Here are some key references to
first described in detail the phenomenon of mortality leveling-off at
Although the first notion on the
from the Gompertz law at advanced ages were made by Gompertz himself in
1825, the first article specifically devoted to the problem of
mortality at advanced ages was published in 1939 by British researchers
Greenwood and Irwin:
This 1939 article correctly describes and
forestalls the main specific
regularities of mortality at advanced ages.
The first important finding was formulated by Greenwood and Irwin in the following way: "…the increase of mortality rate with age advances at a slackening rate, that nearly all, perhaps all, methods of graduation of the type of Gompertz's formula over-state senile mortality" (Greenwood, Irwin, 1939, p.14). This observation is known now as the "late-life mortality deceleration."
The authors also suggested "the
possibility that with advancing age the rate of mortality asymptotes to
a finite value" (Greenwood, Irwin, 1939, p.14). Their
conclusion that mortality at exceptionally high ages follows a first
order kinetics (also known as the law of radioactive decay) was
confirmed later by other researchers, including A.C. Economos (see
below), who demonstrated the correctness of this law for humans and
laboratory animals. This observation is known now as the
"mortality leveling-off" at advanced ages, and as the "late-life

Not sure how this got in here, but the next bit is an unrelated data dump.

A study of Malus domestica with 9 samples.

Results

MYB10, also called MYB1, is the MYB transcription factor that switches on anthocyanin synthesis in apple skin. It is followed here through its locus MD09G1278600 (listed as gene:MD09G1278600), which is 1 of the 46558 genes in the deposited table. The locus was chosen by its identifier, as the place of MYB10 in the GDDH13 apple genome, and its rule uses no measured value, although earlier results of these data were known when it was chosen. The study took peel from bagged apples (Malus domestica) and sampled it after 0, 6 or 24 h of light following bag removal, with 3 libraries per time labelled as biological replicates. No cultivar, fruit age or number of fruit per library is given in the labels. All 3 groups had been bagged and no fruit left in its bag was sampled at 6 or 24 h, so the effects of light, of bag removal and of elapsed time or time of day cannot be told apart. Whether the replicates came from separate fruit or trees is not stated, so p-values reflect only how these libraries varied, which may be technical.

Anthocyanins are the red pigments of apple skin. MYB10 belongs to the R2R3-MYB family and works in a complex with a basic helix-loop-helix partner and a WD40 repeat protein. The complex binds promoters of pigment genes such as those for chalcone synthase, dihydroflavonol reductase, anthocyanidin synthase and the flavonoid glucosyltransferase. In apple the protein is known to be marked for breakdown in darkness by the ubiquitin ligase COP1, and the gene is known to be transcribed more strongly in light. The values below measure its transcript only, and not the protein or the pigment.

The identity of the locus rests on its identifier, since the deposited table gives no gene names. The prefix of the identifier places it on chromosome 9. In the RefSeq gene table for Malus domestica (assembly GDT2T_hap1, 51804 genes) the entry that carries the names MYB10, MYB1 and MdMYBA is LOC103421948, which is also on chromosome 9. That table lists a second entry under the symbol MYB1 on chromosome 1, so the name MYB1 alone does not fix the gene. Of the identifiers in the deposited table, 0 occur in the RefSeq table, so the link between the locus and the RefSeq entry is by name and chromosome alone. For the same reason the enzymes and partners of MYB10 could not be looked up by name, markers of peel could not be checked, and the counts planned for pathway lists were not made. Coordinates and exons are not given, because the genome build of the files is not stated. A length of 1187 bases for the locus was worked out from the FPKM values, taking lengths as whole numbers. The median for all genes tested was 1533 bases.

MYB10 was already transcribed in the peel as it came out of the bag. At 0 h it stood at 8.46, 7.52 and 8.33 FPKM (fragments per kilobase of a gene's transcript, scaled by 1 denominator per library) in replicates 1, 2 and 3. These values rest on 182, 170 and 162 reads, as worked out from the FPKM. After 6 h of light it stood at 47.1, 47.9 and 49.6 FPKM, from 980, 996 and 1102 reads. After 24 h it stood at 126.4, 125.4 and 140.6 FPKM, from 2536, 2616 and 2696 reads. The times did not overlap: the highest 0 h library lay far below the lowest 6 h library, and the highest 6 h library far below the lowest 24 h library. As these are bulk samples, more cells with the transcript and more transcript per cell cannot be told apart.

Moreover, Greenwood and Irwin made the first estimates for the asymptotic value of human mortality (one-year probability of death, qx) at extreme ages using data from the life insurance company. According to their estimates, "… the limiting values of qx are 0.439 for women and 0.544 for men" (Greenwood and Irwin, 1939, p.21). It is interesting that these first estimates are very close to estimates obtained later using more numerous and accurate human data including recent data on supercentenarians (those who survive to age 110).
Angelos Economos was the first
who described mortality leveling-off in animals and manufactured
products. He demonstrated mortality leveling-off at
advanced ages for invertebrates (including fruit flies and house
flies), rodents, and several manufactured products:
After study of mortality
for many biological species A. Economos came to the following
conclusion: "...Gompertz's law is only an approximation, not valid over
a certain terminal part of the lifespan, during which force of
mortality levels off." (Economos, 1980, p.317, abstract). The
phenomenon of mortality leveling-off at advanced ages he called "a
non-Gompertzian paradigm for mortality kinetics."